By: Senta Riley
PITW #33 states, “ Everything feels like a failure in the middle-keep going!”
As my students enter their finals this week, I begin to reflect on my first half of service:
Since day one, my team and I were posed with the challenge of not having a Team Leader, a second year Corps Member that guides their team through the year of service. After being placed into schools and a week into service, it was clear that our team needed a leader. An application and an interview later, I accepted the position of the Team Leader, not knowing what I had gotten myself into. In a typical day, my team and I greet students by name as they enter the school, then once the bell rings I roam the hallways and bathrooms snatching up students and returning them to class. I then return to our team room to work on one our 3 initiatives: Attendance, Behavior, and Course Performance in ELA and Math. In the midst of my daily work, I do not always have the opportunity to see the progress that is being made with the students that we are serving.
This past Thursday, at our after school tutoring session, there were several anxious and eager students that attended in order to catch up on missing assignments that were due the following day and a few who wanted to get a head start on prepping for finals. One student in particular caught my attention. I had worked with her a handful of times when I was in her Algebra class earlier this semester and I saw her progress during various classroom observations. As she entered our room, she requested to work with one of my teammates who was working with other students so I offered to help her. She pulled out a geometry packet and said, “I only need to do 7, 8, and 9. I would also like to time myself because I like the challenge.” She continued to pull out her phone and set her timer to thirty minutes for all three problems. As she started to work on the first problem I could see that she doubted herselfbut she was able to get the correct answer after thinking it through. After getting the answer, she looked at me for confirmation and I told her that it was correct. She jumped out of her chair and shouted out of excitement. As time went on, we continued to work through each problem and we continued to celebrate each small win associated with completing each problem. After some time we had forgotten about the timer, a challenge that she had placed for herself, and completed the three problems within the allotted time frame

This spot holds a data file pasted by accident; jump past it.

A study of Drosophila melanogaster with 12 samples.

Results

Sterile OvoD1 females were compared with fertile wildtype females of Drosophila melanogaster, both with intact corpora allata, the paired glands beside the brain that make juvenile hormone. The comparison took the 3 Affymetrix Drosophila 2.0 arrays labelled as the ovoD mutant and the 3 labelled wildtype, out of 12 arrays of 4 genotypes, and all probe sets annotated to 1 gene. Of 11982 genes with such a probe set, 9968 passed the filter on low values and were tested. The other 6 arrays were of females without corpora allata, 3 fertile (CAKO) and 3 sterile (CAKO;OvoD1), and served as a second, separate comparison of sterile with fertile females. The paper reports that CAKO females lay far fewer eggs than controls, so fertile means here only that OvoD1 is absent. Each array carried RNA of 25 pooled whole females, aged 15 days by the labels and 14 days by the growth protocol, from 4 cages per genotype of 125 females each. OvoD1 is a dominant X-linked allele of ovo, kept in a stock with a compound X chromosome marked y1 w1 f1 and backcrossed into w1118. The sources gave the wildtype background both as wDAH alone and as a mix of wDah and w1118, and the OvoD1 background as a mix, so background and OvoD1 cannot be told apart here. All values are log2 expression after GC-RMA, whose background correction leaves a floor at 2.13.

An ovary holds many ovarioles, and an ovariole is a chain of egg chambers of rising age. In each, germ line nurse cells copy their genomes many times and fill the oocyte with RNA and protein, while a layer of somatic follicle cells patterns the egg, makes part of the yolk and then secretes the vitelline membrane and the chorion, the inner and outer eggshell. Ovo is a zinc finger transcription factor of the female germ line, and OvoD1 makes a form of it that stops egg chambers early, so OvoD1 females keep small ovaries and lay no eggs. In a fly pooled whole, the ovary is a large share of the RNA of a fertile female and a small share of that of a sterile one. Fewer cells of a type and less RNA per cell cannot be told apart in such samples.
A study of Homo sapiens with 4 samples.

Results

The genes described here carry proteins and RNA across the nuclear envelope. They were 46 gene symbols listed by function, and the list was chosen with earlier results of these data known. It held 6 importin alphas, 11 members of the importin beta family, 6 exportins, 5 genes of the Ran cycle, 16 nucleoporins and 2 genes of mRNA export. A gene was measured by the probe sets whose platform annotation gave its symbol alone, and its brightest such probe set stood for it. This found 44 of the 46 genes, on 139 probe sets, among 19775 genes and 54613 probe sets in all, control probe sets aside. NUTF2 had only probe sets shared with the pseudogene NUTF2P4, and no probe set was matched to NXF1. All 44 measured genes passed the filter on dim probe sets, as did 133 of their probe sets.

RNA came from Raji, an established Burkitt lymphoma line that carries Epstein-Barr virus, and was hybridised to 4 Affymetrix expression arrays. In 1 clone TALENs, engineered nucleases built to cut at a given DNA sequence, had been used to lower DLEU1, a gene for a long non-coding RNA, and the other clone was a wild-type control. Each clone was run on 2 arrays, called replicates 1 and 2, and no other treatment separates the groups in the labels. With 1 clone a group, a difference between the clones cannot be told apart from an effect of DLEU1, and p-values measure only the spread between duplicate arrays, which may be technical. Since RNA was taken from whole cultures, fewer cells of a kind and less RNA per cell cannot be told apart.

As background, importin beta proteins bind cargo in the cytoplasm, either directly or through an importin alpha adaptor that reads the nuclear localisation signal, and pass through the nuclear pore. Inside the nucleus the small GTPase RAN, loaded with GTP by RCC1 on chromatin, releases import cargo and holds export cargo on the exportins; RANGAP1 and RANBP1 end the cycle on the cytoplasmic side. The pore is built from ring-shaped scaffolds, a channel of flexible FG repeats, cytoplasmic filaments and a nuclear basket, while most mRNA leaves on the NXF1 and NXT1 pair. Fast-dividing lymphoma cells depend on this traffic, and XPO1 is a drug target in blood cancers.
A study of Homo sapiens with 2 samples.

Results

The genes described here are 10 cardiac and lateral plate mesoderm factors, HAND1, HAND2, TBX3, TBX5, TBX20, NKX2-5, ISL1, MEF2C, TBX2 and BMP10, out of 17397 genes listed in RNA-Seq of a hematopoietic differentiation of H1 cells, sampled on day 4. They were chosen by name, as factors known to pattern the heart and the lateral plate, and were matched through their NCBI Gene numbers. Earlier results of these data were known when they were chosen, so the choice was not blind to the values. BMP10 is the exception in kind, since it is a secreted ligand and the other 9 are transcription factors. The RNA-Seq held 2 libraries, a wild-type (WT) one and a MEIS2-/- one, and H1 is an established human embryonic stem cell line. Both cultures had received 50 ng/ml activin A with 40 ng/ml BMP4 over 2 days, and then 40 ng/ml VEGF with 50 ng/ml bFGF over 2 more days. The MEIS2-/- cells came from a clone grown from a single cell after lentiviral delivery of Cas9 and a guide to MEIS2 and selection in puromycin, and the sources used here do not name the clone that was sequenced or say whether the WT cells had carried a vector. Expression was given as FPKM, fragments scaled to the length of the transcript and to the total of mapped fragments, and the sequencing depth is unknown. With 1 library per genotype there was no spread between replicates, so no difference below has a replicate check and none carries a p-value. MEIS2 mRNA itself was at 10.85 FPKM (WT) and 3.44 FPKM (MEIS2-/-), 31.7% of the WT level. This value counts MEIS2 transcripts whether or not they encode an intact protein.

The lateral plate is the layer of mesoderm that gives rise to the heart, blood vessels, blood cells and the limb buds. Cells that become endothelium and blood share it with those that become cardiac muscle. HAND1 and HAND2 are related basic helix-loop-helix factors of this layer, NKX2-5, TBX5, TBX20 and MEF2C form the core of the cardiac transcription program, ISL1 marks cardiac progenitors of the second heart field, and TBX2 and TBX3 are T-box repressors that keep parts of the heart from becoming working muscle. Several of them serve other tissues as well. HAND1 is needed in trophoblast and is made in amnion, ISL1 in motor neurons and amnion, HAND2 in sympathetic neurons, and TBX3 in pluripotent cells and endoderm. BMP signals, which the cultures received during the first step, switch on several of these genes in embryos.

Once we were done, she called her mom to inform her that she was done with tutoring and that she would be home shortly, she then asked me if I would like to talk to her mom. I told her mom that I was thrilled about her daughter’s progress and what she has in store for next semester. After hanging up the phone, the student hugged my teammates and I to thank us for all that we have done. Little does she know, it is what she is doing is what is truly making a difference. By taking the initiative and not being has afraid to set challenges for herself, she has taught me to continually look ahead and not be limited by anything.